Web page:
Published by: Ingrid King. Last Updated on: July 14, 2023 by Crystal Uys
There aren’t many things that are more frustrating than a cat who is finicky about her food. The problem is compounded when you’ve educated yourself about what constitutes a healthy diet for cats, but your fussy kitty will only eat dry food or highly processed wet food. What’s a cat parent to do?
What Makes Cats Finicky?
Loss of appetite, especially when it comes on suddenly, can be an indicator of a serious medical problem. When a previously healthy cats stops eating for more than 24-48 hours, this is cause for concern, and requires a veterinary visit. Cats can develop a condition called hepatic lipidosis or fatty liver disease, which can be life-threatening if not treated promptly.
Finicky eaters are made, not born
Finicky eaters are made, not born. Ideally, young kittens are introduced to a variety of foods and textures as soon as they begin eating solid food, beginning at the age of 4 months. By being exposed to variety at an early age, these cats will accept different foods, textures and flavors more easily than cats who have been fed the same food from kittenhood on. Kittens fed the same food all the time often refuse unfamiliar foods later in life.
Do you have the right food bowls? Most cats don’t like it when their sensitive whiskers touch the side of the bowls, so avoid narrow and deep bowls. Plastic food bowls can give off smells that are offensive to sensitive feline noses, and they can also cause chin rashes in sensitive cats. Make sure food bowls are kept scrupulously clean, but don’t use detergents with a strong scent to wash bowls and the area around the bowls.
Mixing medication or supplements into meals
While giving medications with food can work well, don’t mix it in with the cat’s regular food. Most medications and supplements alter the flavor of food, and even though your cat may eat the food with the medication mixed in the first few times, you may be inadvertently creating a food aversion. If you must use food to give medication, use a small amount of a different food, and then feed the cat’s regular meal.
Hard core dry food addicts
One reason why it can be so challenging to get a cat to accept healthier food is in part due to what pet food manufacturers do to make dry food so enticing to cats. As part of the production process, the baked or extruded kibble is sprayed with animal digest (and yes, it’s pretty much as disgusting as it sounds: digest is material that results from chemical and/or enzymatic hydrolysis of clean and undecomposed animal tissue.) Cats love the taste of these digests; for some cats, it’s like kitty crack and actually causes them to be addicted. Some cats also love the texture of dry food and may resist the drastic change in texture from dry to grain-free wet food.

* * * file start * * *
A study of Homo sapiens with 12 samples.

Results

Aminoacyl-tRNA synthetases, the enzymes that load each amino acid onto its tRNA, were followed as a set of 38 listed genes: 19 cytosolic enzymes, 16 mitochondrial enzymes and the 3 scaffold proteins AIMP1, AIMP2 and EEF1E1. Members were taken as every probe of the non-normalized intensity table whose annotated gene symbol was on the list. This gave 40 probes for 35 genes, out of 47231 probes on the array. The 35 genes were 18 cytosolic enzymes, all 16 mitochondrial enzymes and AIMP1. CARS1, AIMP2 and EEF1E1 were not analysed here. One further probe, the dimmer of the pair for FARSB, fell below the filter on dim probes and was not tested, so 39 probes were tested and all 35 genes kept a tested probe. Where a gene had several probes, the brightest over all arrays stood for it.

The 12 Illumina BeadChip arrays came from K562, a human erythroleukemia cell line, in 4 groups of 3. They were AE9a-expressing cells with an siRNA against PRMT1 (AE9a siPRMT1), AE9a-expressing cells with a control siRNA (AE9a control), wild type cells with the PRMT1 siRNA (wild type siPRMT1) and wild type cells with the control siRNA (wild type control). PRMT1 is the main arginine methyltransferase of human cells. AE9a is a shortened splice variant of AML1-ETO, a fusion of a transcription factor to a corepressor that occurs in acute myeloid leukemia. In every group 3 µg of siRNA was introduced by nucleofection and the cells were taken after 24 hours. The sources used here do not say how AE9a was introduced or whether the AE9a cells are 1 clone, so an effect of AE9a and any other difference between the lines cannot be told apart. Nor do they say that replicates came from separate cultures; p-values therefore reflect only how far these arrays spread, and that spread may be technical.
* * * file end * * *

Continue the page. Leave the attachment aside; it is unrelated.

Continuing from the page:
Transitioning to a Healthier Diet
Cats are obligate carnivores, which means they need meat in their diet to thrive. Their systems aren’t designed to digest carbohydrates. A raw diet is one of the best ways to fulfill cats’ nutritional requirements, but raw food, even a commercially prepared raw diet, may exceed the comfort level for some cat parents. I don’t think it’s necessary to take an “all or nothing” stand when it comes to feline nutrition, but I do believe that it is important to feed our cats a diet that is as minimally processed as possible. While grain-free canned food is always a better choice than dry, canned food is heat processed, which destroys many of the nutrients.
Transition slowly, and be patient
The key is to transitioning to a healthier diet is to go slow, and be patient. For some cats, it may take several months. I’ve heard of one cat whose human would put down a small amount of wet food next to his dry food every day for several weeks. He refused to touch it, so she wound up throwing it out each time. Then one day, several weeks into the transition, he gobbled up the wet food and never touched his dry food again!
Stop free choice feeding. If you leave food out at all times, stop this practice immediately. This step is critical. Feed two or three times a day, at set meal times, and take up what the cat doesn’t eat within about half an hour. She gets no other food until the next meal time. Your cat will not try anything new if you keep her bowl filled with the old, familiar food 24/7.
Be prepared that your cat will make you feel like you’re letting her starve. This phase of the process can be much harder on the human than it is on the cat. Persistence is key. A little hunger at meal times can be a powerful motivator to get a cat to accept the new food.
Gradually increase the amount of the new food, and decrease the amount of the old food, until you’re only feeding the new food.
Featured Image Credit: Valeri Vatel, Shutterstock
About the author
Ingrid King is an award-winning author, former veterinary hospital manager, and veterinary journalist who is passionate about cats.